Hörmann, Rudolf and Gerbes, Alexander L. and Spöttl, Gerald and Jüngst, Dieter and Mann, Klaus
Immunoreactive human chorionic gonadotropin and its free ß-subunit in serum and ascites of patients with malignant tumors.
In: Cancer research, Vol. 52: pp. 1520-1524
Human chorionic gonadotropin (hCG) is a clinically relevant marker of trophoblastic and nontrophoblastic malignancies. In the present studies, in addition to determining serum hCG, we investigated the presence and properties of hCG immunoreactivity in ascites of patients with nontrophoblastic malignant tumors and, for comparison, in ascites caused by cirrhotic liver disease. Total hCG immunoreactivity [hCG (+hCG-ß)] was found to be elevated above the reference value (>5 IU/liter) in the serum of 2 of 20 patients with cirrhosis and 11 of 20 patients with malignant tumors. For comparison, in ascites, hCG (+hCG-ß) concentrations were frequently higher than in the corresponding serum samples and exceeded 10 IU/liter in 0 of 20 cirrhotic samples and in 16 of 20 malignant samples.
In order to elucidate the nature of the hCG immunoreactive material, all samples were then assessed by immunoradiometric assays specific for the intact hCG molecule (holo-hCG) and the free hCG-ß subunit, respectively. In the holo-hCG assay, elevated values were detected in 0 of 20 (0 of 20) cirrhotic ascites (serum) samples and 0 of 20 (1 of 20) malignant ascites (serum) samples. In the free hCG-ß assay, on the other hand, no positive results were obtained in the ascites or serum of 20 patients with liver cirrhosis; however, 8 of 20 serum samples and 16 of 20 ascites samples derived from tumor patients were positive. In accord with the immunological data, gel chromatographical studies of malignant ascites revealed the abundance of free hCG-ß subunit rather than that of holo-hCG. In contrast to malignancy-related ascites, in ascites of patients receiving hCG injections for treatment of infertility, holo-hCG was more abundant than free hCG-ß immunoreactivity. Incubation experiments of purified holo-hCG in ascites for 24 h at -20, 20, or 37°C showed no substantial dissociation of the hCG molecule and release of free hCG-ß immunoreactivity, thus arguing against production of free hCG-ß by degradation of holo-hCG and in favor of its tumor-related secretion.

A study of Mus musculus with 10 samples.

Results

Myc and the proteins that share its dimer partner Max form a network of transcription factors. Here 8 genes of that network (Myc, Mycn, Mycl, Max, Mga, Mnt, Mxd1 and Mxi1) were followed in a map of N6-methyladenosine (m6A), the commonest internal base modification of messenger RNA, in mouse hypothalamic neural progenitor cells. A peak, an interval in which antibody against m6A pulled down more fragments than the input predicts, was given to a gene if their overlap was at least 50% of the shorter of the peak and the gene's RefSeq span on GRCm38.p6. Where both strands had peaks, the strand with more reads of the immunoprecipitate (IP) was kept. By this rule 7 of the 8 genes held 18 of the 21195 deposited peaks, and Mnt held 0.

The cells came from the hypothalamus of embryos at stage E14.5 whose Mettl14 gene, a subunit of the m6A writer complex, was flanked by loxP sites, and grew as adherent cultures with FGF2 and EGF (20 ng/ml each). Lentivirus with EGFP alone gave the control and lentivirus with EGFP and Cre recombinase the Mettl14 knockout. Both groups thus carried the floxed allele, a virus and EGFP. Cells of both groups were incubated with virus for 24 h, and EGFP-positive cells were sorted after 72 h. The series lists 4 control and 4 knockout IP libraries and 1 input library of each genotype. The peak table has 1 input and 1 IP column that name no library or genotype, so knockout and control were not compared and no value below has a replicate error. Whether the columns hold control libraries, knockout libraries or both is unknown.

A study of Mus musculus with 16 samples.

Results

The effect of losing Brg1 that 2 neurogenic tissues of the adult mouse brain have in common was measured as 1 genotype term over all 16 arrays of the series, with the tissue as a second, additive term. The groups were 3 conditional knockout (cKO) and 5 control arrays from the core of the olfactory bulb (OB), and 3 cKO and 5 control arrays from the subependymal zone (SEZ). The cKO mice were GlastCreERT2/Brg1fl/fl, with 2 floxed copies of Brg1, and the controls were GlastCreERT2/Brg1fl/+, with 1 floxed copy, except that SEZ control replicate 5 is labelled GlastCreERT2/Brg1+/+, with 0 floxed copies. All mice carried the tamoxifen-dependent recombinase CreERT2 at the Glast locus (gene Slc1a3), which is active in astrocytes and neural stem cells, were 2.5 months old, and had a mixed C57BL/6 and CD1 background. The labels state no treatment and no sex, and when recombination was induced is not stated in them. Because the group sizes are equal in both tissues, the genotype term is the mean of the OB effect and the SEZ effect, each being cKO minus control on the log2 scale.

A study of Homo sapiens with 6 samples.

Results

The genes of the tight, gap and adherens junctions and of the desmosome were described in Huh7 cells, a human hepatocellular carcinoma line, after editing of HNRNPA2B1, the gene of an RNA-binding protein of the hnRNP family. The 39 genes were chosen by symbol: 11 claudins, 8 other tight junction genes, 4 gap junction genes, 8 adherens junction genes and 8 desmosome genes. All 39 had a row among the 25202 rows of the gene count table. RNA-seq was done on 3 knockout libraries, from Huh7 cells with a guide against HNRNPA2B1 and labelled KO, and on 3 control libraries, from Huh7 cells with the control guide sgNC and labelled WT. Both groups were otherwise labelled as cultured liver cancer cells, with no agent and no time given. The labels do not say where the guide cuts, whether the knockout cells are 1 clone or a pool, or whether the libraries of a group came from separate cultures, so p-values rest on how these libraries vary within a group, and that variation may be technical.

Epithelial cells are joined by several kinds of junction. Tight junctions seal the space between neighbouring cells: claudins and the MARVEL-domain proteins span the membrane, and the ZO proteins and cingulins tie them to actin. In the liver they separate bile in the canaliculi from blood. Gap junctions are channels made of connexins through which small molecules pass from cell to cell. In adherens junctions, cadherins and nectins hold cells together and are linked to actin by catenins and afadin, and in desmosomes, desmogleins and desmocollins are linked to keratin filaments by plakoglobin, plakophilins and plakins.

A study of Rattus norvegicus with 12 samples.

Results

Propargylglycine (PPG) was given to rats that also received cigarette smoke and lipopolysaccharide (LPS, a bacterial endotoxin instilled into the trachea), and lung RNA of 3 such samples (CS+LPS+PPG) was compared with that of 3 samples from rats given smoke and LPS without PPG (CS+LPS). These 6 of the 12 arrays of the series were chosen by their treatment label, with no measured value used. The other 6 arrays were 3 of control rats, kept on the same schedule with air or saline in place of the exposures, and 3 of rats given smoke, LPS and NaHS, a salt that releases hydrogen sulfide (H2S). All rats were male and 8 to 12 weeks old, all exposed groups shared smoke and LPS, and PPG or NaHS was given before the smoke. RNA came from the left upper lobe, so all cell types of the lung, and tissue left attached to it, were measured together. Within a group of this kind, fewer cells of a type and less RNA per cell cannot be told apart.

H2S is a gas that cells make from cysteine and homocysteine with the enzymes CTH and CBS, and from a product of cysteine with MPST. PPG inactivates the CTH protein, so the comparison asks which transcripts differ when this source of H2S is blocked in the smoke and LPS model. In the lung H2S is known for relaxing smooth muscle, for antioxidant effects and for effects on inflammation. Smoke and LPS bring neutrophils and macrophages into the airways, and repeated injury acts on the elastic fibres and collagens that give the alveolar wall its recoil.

In conclusion, hCG-ß immunoreactivity is frequently elevated in malignancy-related ascites and appears to be related to the presence of free ß subunit of hCG rather than that of the intact hCG molecule. Interestingly, hCG-ß determination in ascites proved to be clearly superior to serum measurement in discriminating between tumor and cirrhosis. Thus, hCG-ß might be a useful marker of malignancy-related ascites and should be prospectively assessed for possible clinical use in comparison with other well-established parameters, such as cytology and protein determination. For this purpose, according to our results, only assays that exhibit a high sensitivity for free hCG-ß subunit appear to be suitable.